Fiji's Forest Policy
A new forest policy for Fiji was endorsed by Cabinet in November 2007, replacing the existing forest policy, which dated from 1950.
The policy review and formulation process began in 2003 when, in response to a request from Fiji’s Forestry Department, LRD, with the support of GTZ (German Technical Cooperation), agreed to provide the technical and funding assistance required.
Given the changes that have taken place since the 1950s, a review was necessary to ensure that the policy adequately addressed the changing demands on Fiji’s forests, in terms of balancing the country’s economic, social and environmental needs. It also needed to address Fiji’s obligations under the various international agreements and conventions that it has signed. Lastly, but most importantly, the new policy had to be more broad-based than the 1950 policy.
To a great extent, the new forest policy satisfies these needs. Its main thrusts are as follows:
- Change from forest sector planning to integrated natural resources management
- Transition from timber exploitation to sustainable forest management
- Empowerment of land owners to adopt sustainable management practices
The greatest challenge will be the implementation of the policy on the ground. But the fact that it went through a lengthy consultation process before its finalisation means that the new policy is a much more widely understood and supported document, and therefore, more broad-based in its ownership than the previous policy, which should greatly assist its implementation.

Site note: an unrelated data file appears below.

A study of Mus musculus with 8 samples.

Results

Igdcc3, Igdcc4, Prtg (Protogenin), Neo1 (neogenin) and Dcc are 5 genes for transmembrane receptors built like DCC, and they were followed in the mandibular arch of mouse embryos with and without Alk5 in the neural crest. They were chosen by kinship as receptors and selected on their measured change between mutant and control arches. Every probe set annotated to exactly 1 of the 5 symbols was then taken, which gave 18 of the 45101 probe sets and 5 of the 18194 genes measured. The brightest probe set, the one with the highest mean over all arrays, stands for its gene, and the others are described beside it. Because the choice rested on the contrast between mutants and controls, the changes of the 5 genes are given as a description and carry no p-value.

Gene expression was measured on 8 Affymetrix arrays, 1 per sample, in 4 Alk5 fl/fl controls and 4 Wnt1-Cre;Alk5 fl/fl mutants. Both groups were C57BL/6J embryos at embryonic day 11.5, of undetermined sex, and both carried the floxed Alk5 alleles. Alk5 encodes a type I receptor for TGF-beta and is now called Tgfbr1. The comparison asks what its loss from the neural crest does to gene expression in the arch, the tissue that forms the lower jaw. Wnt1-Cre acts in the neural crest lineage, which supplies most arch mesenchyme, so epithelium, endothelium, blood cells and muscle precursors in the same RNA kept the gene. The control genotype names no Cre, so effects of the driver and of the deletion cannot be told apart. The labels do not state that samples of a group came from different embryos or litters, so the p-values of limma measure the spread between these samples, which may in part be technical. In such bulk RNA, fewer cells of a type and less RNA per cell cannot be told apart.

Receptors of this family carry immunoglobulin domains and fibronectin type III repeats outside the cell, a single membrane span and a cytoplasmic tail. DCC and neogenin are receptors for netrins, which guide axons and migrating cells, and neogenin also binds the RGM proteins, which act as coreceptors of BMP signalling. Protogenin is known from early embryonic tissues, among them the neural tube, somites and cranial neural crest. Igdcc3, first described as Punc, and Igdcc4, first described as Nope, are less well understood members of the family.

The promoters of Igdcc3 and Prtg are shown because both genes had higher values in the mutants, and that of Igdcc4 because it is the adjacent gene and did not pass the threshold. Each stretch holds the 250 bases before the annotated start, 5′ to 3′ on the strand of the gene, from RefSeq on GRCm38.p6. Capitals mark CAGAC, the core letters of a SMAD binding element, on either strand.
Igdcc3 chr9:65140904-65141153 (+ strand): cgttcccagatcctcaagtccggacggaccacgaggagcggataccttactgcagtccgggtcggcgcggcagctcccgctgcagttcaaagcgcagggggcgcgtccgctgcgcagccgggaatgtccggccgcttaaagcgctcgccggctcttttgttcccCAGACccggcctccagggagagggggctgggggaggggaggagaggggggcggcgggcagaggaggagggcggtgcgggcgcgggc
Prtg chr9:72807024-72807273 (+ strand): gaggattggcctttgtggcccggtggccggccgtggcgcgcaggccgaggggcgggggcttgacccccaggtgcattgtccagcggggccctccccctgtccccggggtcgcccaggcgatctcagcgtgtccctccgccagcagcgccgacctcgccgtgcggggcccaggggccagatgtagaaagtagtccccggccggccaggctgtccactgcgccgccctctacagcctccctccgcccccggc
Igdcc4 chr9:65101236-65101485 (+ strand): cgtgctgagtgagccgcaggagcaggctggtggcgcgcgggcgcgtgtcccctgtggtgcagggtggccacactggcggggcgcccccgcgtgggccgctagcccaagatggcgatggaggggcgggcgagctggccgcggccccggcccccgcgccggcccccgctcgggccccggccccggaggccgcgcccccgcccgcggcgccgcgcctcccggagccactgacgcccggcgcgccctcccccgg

Currently, a new set of forestry legislation is being formulated to replace the existing Forest Decree 1992. This is necessary to align the legislation with the new forest policy and also to take into consideration recently approved legislation, such as that relating to environmental management. This work is expected to be completed by the end of 2009. Tonga's Forest Policy The United Nations Food and Agriculture Organisation (FAO) has been helping Tonga to review and update its forest policy.
The policy development process has enabled all stakeholders in Tonga to feed in their views on how Tonga’s forest resources should be managed. The development of an overarching forest policy was considered important to set out an agreed basis for managing forest resources, to outline how this should happen and to underpin any subsequent legislation.
The draft forest policy emphasises the sustainable management of forest resources and the important role that forests play in biodiversity and soil conservation, coastal protection, water management and climate change adaptation and mitigation. As part of the extensive consultation undertaken in developing the draft policy, FAO, with the support of GTZ through its project ‘Adaptation to Climate Change in the Pacific Island Region’, conducted a stakeholder workshop on integrating climate change considerations into the draft policy.
The expansion of agriculture into forested areas was identified as one of the biggest threats to Tongan forests and implementation of the forest policy depends on a commitment to sustainable agriculture. Currently, there are no overall land use or agriculture policies in Tonga and it is hoped that the development of a national forest policy will lay the foundation for developing these policies.